On a whale watching trip on the Portsmouth to Bilbao ferry across the Bay of Biscay we had a morning in Spain before our return journey. We had chosen to take the opportunity to visit the Guggenheim Museum which had an exhibition of Aztec art on at the time. On arrival at Santurzi we had to get up at what our friend described as “stupid o’clock”. The alarm call from the Captain came across the ships intercom at 5.45 UK time waking everyone for a seven o’clock disembarkation at Santurzi.
As we leave the boat an army of blue smocked cleaners is heading on board. We passed through customs and outside the terminal found a coach with a “Museum” label in the window. We were soon joined by others on the same trip and our guide Vanessa. Santurzi is the port for Bilbao which spans the river a little way inland. The museum itself is on the banks of the river in the centre of the town but would not open until ten o’clock so we would have a tour of the town as well.
Vanessa told us about the history of Bilbao and the Basque culture. The Basques are identifiably different from the rest of Spain (or France) with dark skin and dark eyes, think in concepts and count to a base of twenty. Pau in France is also a Basque stronghold. They also, of course, have their own language and schools. While fighting for an independent Basque state may be an unwinable battle, fighting to preserve their culture is to be applauded.
Bilbao is a pleasant town which had suffered with the loss of its steel industry and was re-emerging as a cultural centre. The Guggenheim Museum had played its part in this. It is a stunning (and disorienting) building. Inside I never really got my bearings. We first glimpsed it on our approach to the town centre before being eventually dropped off next to it. At the front there is a sculpture of a cat made of flowers and forty feet high. We emerge from the coach in the tunnel directly below this and walk round to the river bank.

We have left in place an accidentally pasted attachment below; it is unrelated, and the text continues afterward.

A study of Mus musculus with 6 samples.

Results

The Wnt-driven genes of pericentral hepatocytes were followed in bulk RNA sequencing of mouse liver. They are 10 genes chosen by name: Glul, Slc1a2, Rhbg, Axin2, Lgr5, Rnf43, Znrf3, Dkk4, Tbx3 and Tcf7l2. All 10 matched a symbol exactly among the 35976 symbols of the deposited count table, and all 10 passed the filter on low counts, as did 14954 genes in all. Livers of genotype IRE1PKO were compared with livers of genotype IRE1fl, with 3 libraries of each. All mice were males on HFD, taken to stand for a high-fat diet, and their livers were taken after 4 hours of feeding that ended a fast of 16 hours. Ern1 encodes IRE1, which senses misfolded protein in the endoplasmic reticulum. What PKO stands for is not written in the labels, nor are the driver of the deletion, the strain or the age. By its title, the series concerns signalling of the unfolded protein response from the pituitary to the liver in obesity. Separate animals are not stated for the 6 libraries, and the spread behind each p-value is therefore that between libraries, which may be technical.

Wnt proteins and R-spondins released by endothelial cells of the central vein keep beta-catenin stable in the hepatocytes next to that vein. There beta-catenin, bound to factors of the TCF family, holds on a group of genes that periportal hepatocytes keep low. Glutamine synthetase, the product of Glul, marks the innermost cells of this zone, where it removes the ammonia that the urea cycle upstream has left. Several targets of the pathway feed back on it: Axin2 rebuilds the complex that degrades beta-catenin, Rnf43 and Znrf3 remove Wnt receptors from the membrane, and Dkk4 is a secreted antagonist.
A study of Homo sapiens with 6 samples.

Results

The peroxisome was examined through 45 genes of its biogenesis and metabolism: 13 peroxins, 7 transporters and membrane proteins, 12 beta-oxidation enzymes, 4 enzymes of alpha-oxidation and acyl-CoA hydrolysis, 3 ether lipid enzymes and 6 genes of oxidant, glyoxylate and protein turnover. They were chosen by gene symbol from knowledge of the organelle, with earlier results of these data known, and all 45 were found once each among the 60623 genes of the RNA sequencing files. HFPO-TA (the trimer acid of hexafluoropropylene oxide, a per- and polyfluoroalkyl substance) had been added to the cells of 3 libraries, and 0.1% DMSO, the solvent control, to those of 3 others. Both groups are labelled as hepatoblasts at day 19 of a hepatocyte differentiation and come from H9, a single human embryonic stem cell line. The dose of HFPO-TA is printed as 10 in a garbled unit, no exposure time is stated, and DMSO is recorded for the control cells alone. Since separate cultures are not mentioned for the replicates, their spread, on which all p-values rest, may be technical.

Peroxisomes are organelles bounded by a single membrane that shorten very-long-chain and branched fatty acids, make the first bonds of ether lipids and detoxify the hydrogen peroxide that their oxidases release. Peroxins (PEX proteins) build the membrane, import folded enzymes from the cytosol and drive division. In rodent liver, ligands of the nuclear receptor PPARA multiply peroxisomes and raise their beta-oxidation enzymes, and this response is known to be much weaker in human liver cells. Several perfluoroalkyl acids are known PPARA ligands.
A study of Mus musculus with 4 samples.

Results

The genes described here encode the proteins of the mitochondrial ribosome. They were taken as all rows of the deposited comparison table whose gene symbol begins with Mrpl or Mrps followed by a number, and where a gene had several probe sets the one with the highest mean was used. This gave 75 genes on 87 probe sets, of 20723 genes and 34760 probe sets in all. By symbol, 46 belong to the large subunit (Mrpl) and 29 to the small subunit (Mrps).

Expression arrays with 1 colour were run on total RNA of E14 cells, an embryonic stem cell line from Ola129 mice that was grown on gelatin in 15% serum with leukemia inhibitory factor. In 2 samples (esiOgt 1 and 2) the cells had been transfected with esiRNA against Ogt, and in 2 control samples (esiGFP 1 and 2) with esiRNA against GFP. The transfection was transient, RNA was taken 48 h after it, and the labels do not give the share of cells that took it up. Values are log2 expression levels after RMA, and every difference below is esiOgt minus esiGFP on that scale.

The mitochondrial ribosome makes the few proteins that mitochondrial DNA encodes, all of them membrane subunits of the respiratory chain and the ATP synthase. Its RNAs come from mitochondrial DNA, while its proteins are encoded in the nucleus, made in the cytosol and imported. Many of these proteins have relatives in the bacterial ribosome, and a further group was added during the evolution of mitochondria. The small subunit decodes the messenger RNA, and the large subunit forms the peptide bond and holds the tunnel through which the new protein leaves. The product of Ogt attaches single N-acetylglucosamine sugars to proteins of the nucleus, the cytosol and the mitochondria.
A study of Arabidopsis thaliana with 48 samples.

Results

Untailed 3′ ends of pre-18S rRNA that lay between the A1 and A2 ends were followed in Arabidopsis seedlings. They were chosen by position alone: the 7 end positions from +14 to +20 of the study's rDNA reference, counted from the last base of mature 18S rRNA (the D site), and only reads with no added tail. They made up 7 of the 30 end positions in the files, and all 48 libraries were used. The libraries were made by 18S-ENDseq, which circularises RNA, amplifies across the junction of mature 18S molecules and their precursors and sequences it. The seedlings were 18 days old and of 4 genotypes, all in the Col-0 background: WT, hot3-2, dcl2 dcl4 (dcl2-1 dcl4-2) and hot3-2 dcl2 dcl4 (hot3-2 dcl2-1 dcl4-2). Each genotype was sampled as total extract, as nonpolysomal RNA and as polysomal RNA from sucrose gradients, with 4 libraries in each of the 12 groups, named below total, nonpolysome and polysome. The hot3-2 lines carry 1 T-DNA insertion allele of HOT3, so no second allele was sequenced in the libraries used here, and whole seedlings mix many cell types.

There is a fountain which reacts to youngsters playing in it and other open spaces. A tramway runs along a grassy strip alongside the road. The museum is built of honey coloured limestone with a cladding of titanium. The limestone is dressed and square. There is not a straight line anywhere on the titanium. A wide shallow treaded staircase runs up one side of the building to the cat sculpture and the main entrance – we as a party use a different entrance.
Vanessa escorts us into the museum and tells us when and where to meet for the return journey with strict admonishments that if we are late we will have to make our own way back and may miss the boat. We are then free to explore and we make our way to the second floor and the Aztec exhibition. The exhibits are on loan from museums in Mexico and I think this is the exhibition which was on in London last year.
The exhibition is on two floors but we only have time to walk around the galleries on one of them. There are extremes in the intricacy of jewellery and lifelike carvings on one hand and the hints at, and tools for, the Aztecs bloodthirsty sacrificial rites on the other. We do have a little time to visit the museum shop and spend some of our Euros on a book about the Aztecs.
We then re-board the coach and head back to Santurzi. Like Portsmouth there is just a single storey terminal building serving as waiting area, customs check point and ticket gate. We have a while to wait before we can board and let the queue die down before we go through to board the boat. On board we are treated to the unedifying sight of a large over-imbibed Englishman who could not keep vertical without the help of a wall or chair. We leave Spain at midday and head back out across the Bay of Biscay.